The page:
January 2, 2011 in Nation/World

Mubarak vows retribution

‘Foreign elements’ blamed for attack
Miret El Naggar McClatchy
 
Associated Press photo

A Coptic protester faces off against riot police in Alexandria, Egypt, on Saturday.
(Full-size photo)

Christian ranks

down in Mideast

Making up about 10 percent of Egypt’s population of 80 million, Copts are that nation’s largest religious minority group and the largest Christian community in the Middle East. Most Middle Eastern countries outside the Arabian Peninsula have sizable Christian communities, including the Maronites in Lebanon, Armenians in Iran and the Orthodox in Syria. But their numbers have shrunk over the last century, experts say. Christians now account for less than 5 percent of the Middle East’s population, down from 20 percent.

Los Angeles Times

CAIRO, Egypt – Egyptian President Hosni Mubarak vowed Saturday to “cut off the hand of terrorism” after a suspected suicide bomber attacked a Christian church in the Mediterranean port city of Alexandria and killed at least 21 people as worshippers emerged from a New Year’s Day Mass.

It was the deadliest attack against the country’s Christian minority in more than a decade and the latest in a wave of violence against Christians in the Middle East. Experts said it would stoke growing tension between Egypt’s majority Muslims and Coptic Christians.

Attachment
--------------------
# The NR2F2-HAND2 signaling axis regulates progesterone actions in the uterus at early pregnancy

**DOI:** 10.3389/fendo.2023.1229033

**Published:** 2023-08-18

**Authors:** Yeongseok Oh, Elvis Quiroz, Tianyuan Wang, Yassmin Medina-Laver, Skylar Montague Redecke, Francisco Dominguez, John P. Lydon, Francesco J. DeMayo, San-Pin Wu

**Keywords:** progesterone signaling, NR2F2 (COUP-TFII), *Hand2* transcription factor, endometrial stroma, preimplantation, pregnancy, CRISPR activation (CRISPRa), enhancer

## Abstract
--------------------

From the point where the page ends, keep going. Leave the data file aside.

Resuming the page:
“This terrorist act has shaken the conscience of the nation. The blood of our children will not be lost and we will cut off the hand of terrorism,” Mubarak said in a televised address.

While no group immediately claimed responsibility, Egyptian authorities blamed “foreign elements” and experts said it carried the hallmarks of an al-Qaida operation. If the strike was indeed carried out by al-Qaida, it would mark a surprising new security threat in Egypt, a staunch U.S. ally on counterterrorism where security forces normally keep a tight lid on militants.

Nearly 80 people were injured in the attack. Ambulances rushed to the scene where bloodied bodies lay scattered in the midst of glass shards, while blood was splattered on the street and on the church walls.

Clashes erupted throughout the day in Alexandria as Christians hurled stones and bottles at anti-riot police, who used tear gas against the mob. The protesters chanted anti-Mubarak slogans, blaming the government for not doing enough to protect them.

Last fall the Islamic State of Iraq, an affiliate group of al-Qaida, said it would strike against the Coptic Church, which it accused of holding two women against their will after they reportedly had tried to convert to Islam to obtain divorces, which are barred by the Copts.

That incident had been the spark for a deadlier attack on Christians in Baghdad, Iraq, in October, when a team of suicide attackers stormed a church during evening Mass and prompted a shootout with Iraqi commandos that left 58 people dead.

Eyewitnesses in Alexandria said the blast occurred after a car parked outside the church exploded about a half-hour after the stroke of the new year. The blast caused two other cars parked nearby to blow up.